Angela
06-04-16, 18:39
We forget what a scourge this was for so much of human history. Now, these scientists claim predecessor forms have been around since the age of the dinosaurs.
https://www.sciencedaily.com/releases/2016/03/160328133536.htm

"Malaria, a scourge on human society that still kills more than 400,000 people a year, is often thought to be of more modern origin -- ranging from 15,000 to 8 million years old, caused primarily by one genus of protozoa, Plasmodium, and spread by anopheline mosquitoes.But the ancestral forms of this disease used different insect vectors and different malarial strains, and may literally have helped shape animal survival and evolution on Earth, according to George Poinar, Jr., a researcher in the College of Science at Oregon State University.
Poinar suggested in the journal American Entomologist that the origins of this deadly disease, which today can infect animals ranging from humans and other mammals to birds and reptiles, may have begun in an insect such as the biting midge more than 100 million years ago. And in previous work, Poinar and his wife, Roberta, implicated malaria and the evolution of blood-sucking insects as disease vectors that could have played a significant role in the extinction of the dinosaurs."

"The first human recording of malaria was in China in 2,700 B.C., and some researchers say it may have helped lead to the fall of the Roman Empire. In 2015 there were 214 million cases worldwide, according to the World Health Organization. Immunity does not occur naturally and the search for a vaccine has not yet been achieved."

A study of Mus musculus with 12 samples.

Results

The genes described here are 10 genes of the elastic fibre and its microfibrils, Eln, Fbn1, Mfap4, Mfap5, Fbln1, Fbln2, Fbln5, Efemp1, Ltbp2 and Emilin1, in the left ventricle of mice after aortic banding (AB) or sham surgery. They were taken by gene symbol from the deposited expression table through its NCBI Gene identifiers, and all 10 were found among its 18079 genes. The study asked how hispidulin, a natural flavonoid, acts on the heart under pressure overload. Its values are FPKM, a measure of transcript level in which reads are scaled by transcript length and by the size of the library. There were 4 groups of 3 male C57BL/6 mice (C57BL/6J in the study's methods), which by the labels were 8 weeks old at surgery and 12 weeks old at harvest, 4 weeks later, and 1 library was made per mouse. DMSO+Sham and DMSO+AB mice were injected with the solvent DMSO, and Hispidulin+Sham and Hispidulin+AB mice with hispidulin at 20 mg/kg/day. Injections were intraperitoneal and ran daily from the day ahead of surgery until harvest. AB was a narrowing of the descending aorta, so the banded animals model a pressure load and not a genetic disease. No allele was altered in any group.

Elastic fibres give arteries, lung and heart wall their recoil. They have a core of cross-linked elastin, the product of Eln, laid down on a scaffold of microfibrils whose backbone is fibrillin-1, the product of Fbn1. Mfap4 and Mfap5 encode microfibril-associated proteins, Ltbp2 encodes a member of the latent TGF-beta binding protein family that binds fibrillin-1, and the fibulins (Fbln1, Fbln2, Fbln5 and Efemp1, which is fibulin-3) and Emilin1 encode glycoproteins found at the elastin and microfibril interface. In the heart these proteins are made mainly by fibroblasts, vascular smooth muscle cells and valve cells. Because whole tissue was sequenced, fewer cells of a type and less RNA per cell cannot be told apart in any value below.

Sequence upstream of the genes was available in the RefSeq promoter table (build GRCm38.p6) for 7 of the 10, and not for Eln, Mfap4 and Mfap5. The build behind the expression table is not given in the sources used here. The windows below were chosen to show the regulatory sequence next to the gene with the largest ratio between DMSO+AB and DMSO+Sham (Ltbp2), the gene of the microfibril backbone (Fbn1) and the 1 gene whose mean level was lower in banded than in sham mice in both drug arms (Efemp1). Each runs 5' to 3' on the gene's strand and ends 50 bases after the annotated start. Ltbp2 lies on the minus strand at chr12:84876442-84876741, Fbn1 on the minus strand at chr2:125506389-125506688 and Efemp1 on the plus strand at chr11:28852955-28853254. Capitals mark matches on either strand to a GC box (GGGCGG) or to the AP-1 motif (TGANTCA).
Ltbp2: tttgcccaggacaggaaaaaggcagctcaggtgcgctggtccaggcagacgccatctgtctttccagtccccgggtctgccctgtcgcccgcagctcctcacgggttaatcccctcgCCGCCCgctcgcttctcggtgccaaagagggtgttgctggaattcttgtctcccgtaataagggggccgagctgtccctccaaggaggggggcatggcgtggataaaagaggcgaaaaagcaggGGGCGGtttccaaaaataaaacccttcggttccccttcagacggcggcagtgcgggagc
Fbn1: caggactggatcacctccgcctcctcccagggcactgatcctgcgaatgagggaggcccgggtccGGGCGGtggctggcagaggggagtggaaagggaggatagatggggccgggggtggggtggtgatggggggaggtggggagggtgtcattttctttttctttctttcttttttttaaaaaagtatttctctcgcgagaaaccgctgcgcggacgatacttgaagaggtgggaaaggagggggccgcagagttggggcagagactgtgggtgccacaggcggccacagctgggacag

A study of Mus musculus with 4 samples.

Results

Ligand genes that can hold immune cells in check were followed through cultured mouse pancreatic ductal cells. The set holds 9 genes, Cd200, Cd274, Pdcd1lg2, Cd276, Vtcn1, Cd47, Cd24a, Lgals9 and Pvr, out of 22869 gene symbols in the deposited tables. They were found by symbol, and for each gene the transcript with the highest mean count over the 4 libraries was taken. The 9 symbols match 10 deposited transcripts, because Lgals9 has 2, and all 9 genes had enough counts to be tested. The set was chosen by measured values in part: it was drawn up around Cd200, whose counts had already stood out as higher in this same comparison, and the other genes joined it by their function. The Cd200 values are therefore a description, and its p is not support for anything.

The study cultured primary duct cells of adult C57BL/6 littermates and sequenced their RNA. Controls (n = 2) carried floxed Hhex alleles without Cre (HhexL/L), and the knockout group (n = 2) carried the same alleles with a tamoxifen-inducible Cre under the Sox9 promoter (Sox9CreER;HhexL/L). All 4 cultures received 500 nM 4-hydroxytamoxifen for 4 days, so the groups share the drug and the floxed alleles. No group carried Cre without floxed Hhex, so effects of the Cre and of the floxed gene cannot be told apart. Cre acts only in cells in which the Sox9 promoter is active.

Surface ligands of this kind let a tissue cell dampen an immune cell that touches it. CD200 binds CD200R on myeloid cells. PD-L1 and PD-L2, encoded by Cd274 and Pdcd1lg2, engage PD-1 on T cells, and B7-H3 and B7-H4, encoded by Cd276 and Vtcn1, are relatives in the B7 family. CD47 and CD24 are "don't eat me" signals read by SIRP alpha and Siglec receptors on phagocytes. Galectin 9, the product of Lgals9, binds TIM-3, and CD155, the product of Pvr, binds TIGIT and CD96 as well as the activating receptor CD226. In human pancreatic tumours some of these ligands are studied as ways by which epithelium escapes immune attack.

My father was infected in North Africa, and twenty-five years later he was still suffering from periodic attacks. It's terrible, and modern strains don't seem to be as bad as some that were prevalent in the ancient world.

King Tut, the Egyptian Pharoah, apparently suffered from a particularly virulent strain.

LeBrok
07-04-16, 16:32
Too much exaggeration in their research. There cannot be such virulent parasite to kill all. Firstly, there are always few mutants of almost any species who will survive the attack. Secondly, it is not in best interest for a parasite to kill all the hosts or kill them quickly. For these reasons, there are no known cases of very lethal viruses, bacteria and parasites to indiscriminately kill every member of a specie. In case of people, the worse was Black Death killing close to 50% in worse cases. We should also notice that Black Death, as a viral or bacterial strain, didn't survive to our times. It was too virulent and too lethal for it's own good.

Angela
07-04-16, 17:13
Too much exaggeration in their research. There cannot be such virulent parasite to kill all. Firstly, there are always few mutants of almost any species who will survive the attack. Secondly, it is not in best interest for a parasite to kill all the hosts or kill them quickly. For these reasons, there are no known cases of very lethal viruses, bacteria and parasites to indiscriminately kill every member of a specie. In case of people, the worse was Black Death killing close to 50% in worse cases. We should also notice that Black Death, as a viral or bacterial strain, didn't survive to our times. It was too virulent and too lethal for it's own good.

The bubonic plague did survive; people still die of it. It's just that public health measures mean there are fewer vectors especially in developed areas, and antibiotics can cure around 85% of infected people.

http://www.theatlantic.com/health/archive/2014/04/avoiding-black-plague-today/360475/

I think you're right about some of their claims, however.